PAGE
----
In 2018 the Open Society Foundations and the William and Mary Greve Foundation made donations to the University of Helsinki in support of the multidisciplinary Religion, Conflict and Dialogue research centre under the Faculty of Theology. Specifically, the donations will promote research on the role of religion and gender in conflicts and their resolution.
Didem Abaday: Islam is not just the institutional practice of religion and political activism, but also everyday lived religion and self-presentation
The Turkish-born specialist in global Islam and Islamic feminism Didem Abaday arrives at the RCD from Stockholm University where she has been working as a postdoctoral researcher at the Department of Ethnology, History of Religions and Gender Studies.
Abaday’s research topics include Muslim identities in Muslim-majority and Muslim-minority countries, Islamic women’s movements, Islamic fashion and dress, as well as the Muslim diaspora. Her currently ongoing research project entitled ‘Contemporary Encounters between Islamic Dress, Fashion and Gender: Pious Muslim Women’s Sartorial Strategies in Diaspora’ examines Muslim cosmopolitanism and Islamic dress from the perspective of lived religion in both European and North American immigration contexts.
“My research highlights the complex relationship between Islamic ethics and aesthetics that Muslim women negotiate when veiling themselves in conjunction with their diaspora. In the process, questions of religion and practising it, as well as those of self-presentation in both private and public spaces are manifested in a concrete way. I wish to emphasise the importance of investigating biographical experiences of the meaning of religion in everyday life. It’s not just about discursive practices, but subjective processes of meaning in lived life,” Abaday says.
According to Abaday, recent ethnographic research has increasingly examined the invisible and everyday customs of Muslim life.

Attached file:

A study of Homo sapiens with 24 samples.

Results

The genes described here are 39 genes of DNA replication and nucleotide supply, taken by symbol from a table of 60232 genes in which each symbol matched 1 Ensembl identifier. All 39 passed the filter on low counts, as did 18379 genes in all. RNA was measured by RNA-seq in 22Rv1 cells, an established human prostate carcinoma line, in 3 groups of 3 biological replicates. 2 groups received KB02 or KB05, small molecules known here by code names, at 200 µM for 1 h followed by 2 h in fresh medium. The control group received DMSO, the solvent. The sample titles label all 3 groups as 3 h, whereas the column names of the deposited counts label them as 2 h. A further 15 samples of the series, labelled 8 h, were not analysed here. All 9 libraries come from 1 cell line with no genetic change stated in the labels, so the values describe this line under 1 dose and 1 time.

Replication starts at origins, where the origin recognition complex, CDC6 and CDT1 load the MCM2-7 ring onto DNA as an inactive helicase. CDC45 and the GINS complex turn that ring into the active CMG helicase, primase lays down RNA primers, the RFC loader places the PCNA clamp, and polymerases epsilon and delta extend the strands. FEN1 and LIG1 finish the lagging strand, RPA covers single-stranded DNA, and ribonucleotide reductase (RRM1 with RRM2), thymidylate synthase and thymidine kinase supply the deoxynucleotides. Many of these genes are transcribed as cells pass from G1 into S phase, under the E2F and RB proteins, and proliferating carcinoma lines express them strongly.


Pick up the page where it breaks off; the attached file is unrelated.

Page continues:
“It’s good that research is also able to look behind the hyper-visible forms of the institutional practice of Islam, typically linked with certain kinds of Islamic political activism. With my work, I aim to contribute to the development of a research trend where the practices and religious meanings of everyday lived religion are examined in relation to anti-Islamic sentiments.”
Teemu Pauha: the multifaceted identities of religious minorities receive insufficient attention
Teemu Pauha, a specialist in the social psychology of religion, was originally educated as a psychologist. After completing his degree in psychology, he continued onto the study of religions, attaining both a master's degree and a doctorate.
In his doctoral dissertation entitled Religious and national identities among young Muslims in Finland: A view from the social constructionist social psychology of religion, completed in 2018, Pauha examined the national and religious identities of Finnish Muslims, or how to be specifically a ‘Finnish Muslim’.
“After defending my dissertation, I have been working as a grant-funded researcher in the discipline of social psychology, focusing my research on relations between religious groups. My other research topics have included apostasy, the moral psychology of Islamic sermons and the debate concerning the plans to build a grand mosque in Helsinki,” Pauha says.
At the Religion, Conflict and Dialogue research centre, Pauha will focus on the interrelations of Shias and Sunnis.
“What particularly interests me is the construction of group boundaries from the perspective of social psychology: how are others defined as belonging either to the same group or a different one? Are similarities between Sunni and Shia Muslims emphasised in certain situations and differences in other situations?”
Pauha believes that prevailing conceptions of Muslims are often rather stereotypical, and the differences between Muslims themselves are not given adequate consideration.
“Alongside devout Muslims there is a large group of ‘nominal Muslims’ for whom Islam is less about personal beliefs, and more about the customs of their family. Neither is Islam solely the religion of immigrants or their children; rather, Finland has a nearly 200-year-old Tatar community, and the number of Finnish converts is already in the thousands.”
The scholar finds it important to acknowledge the many identities of individuals.
“Muslims are not only Muslims either, but also women and men, Finns and Swedes, mothers, managers, homosexuals, social democrats, conscientious objectors, visually impaired, stamp collectors and so on."
"Hopefully my research will increase public understanding of the variety of Islam – of Muslims being just as diverse a group of people as, say, Christians.”
As a researcher, Pauha says he is spellbound by the number of ways in which religions influence contemporary Finnish society.
“Even though Finland is often considered a secularised country, religions continue to have a significant role in terms of politics, the public discourse on values and our national identity. The societal meaning of religion often stands out particularly clearly when examining religious minorities, such as Muslims.”
The activities of the Religion, Conflict and Dialogue research centre are continuously growing and the Faculty of Theology is currently looking for new partners and donors. Join us!